Publication Detail

Control Strategies for the Reduction of Airborne Particulate Nitrate in California's San Joaquin Valley

UCD-ITS-RP-05-19

Reprint

Suggested Citation:
Kleeman, Michael J., Qi Ying, Ajith Kaduwela (2005) Control Strategies for the Reduction of Airborne Particulate Nitrate in California's San Joaquin Valley. Atmospheric Environment 39 (29), 5325 - 5341

The effect of NOx, volatile organic compound (VOC), and NH3 emissions control programs on the formation of particulate ammonium nitrate in the San Joaquin Valley (SJV) was examined under the typical winter conditions that existed on 4–6 January, 1996. The UCD/CIT photochemical transport model was used for this study so that the source origin of primary particulate matter and secondary particulate matter could be identified. When averaged across the entire SJV, the model results predict that 13–18% of the reactive nitrogen (NOy=NOx+reaction products of NOx) emitted from local sources within the SJV was converted to nitrate at the ground level. Each gram of NOx emitted locally within the SJV (expressed as NO2) produced 0.23–0.31 g of particulate ammonium nitrate (NH4NO3), which is much smaller than the maximum theoretical yield of 1.7 g of NH4NO3 per gram of NO2. The fraction of reactive nitrogen converted to nitrate varied strongly as a function of location. Urban regions with large amounts of fresh NO emissions converted little reactive nitrogen to nitrate, while remote areas had up to 70% conversion (equivalent to approximately 1.2 g of NH4NO3 per gram of NO2). The use of a single spatially averaged ratio of NH4NO3/NOx as a predictor of how changes to NOx emissions would affect particulate nitrate concentrations would not be accurate at all locations in the SJV under the conditions studied.

The largest local sources of particulate nitrate in the SJV were predicted to be diesel engines and catalyst equipped gasoline engines under the conditions experienced on 6 January, 1996. Together, these sources accounted for less than half of the ground-level nitrate aerosol in the SJV. The remaining fraction of the aerosol nitrate originated from reactive nitrogen originally released upwind of the SJV. The majority of this upwind reactive nitrogen was already transformed to nitrate by the time it entered the SJV. The effect of local emissions controls on this upwind material was small.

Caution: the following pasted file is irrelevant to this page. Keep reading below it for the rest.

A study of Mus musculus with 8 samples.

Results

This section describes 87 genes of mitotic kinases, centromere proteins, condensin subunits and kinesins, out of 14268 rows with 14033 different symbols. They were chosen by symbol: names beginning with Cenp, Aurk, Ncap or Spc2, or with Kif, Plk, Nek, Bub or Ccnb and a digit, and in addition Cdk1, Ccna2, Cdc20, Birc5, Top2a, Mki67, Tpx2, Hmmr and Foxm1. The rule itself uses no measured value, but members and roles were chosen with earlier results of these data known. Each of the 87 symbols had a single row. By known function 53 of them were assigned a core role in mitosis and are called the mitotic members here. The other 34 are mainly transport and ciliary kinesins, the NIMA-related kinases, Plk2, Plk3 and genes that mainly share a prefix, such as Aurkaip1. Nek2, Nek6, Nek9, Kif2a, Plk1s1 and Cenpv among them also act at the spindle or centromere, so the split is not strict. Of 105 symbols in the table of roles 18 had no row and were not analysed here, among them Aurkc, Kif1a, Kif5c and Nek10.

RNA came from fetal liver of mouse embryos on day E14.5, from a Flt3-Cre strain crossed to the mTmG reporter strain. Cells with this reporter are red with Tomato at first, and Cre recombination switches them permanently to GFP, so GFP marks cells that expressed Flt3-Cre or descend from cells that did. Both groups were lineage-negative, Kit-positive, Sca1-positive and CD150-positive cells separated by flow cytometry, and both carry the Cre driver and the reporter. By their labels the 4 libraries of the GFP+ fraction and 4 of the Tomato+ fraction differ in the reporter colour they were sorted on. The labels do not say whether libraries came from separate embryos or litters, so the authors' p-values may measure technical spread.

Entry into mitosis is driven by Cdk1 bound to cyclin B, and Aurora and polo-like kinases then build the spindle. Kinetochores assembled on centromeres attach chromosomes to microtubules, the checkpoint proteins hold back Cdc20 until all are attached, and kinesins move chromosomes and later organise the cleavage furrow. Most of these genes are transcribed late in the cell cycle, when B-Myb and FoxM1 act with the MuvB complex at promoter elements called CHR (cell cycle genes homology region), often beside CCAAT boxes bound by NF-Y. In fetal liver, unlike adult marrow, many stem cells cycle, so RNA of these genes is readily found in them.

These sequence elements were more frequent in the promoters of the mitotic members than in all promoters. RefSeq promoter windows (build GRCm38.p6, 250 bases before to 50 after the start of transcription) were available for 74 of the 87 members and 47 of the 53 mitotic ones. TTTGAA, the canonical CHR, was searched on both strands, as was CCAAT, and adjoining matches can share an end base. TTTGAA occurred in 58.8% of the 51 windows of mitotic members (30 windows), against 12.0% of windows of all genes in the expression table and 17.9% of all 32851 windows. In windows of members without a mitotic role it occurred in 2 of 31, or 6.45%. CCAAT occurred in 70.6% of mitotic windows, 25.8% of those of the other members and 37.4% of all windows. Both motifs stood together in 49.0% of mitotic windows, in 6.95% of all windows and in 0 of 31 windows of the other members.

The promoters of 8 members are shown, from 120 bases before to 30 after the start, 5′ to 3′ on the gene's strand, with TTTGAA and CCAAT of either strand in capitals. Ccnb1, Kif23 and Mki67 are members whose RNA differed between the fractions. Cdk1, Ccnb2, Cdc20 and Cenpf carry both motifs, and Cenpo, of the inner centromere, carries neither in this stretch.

A 50% reduction in NOx emissions applied to sources within the SJV reduced the predicted concentration of total nitrate by approximately 25% during the study episode. VOC emissions controls were less effective, while reasonable NH3 emissions controls had the smallest effect on the amount of ammonium nitrate produced. A 50% reduction in VOC emissions lowered predicted concentrations of total nitrate by 17.5%, while a 50% reduction in NH3 emissions lowered predicted concentrations of total nitrate by only 10%. This latter result is expected since the formation of ammonium nitrate aerosol is limited by the availability of gas-phase nitric acid, with large amounts of excess NH3 available. NOx emissions controls appear to be the most efficient method to reduce the concentration of locally generated particulate nitrate in the SJV under the conditions experienced on 4–6 January, 1996.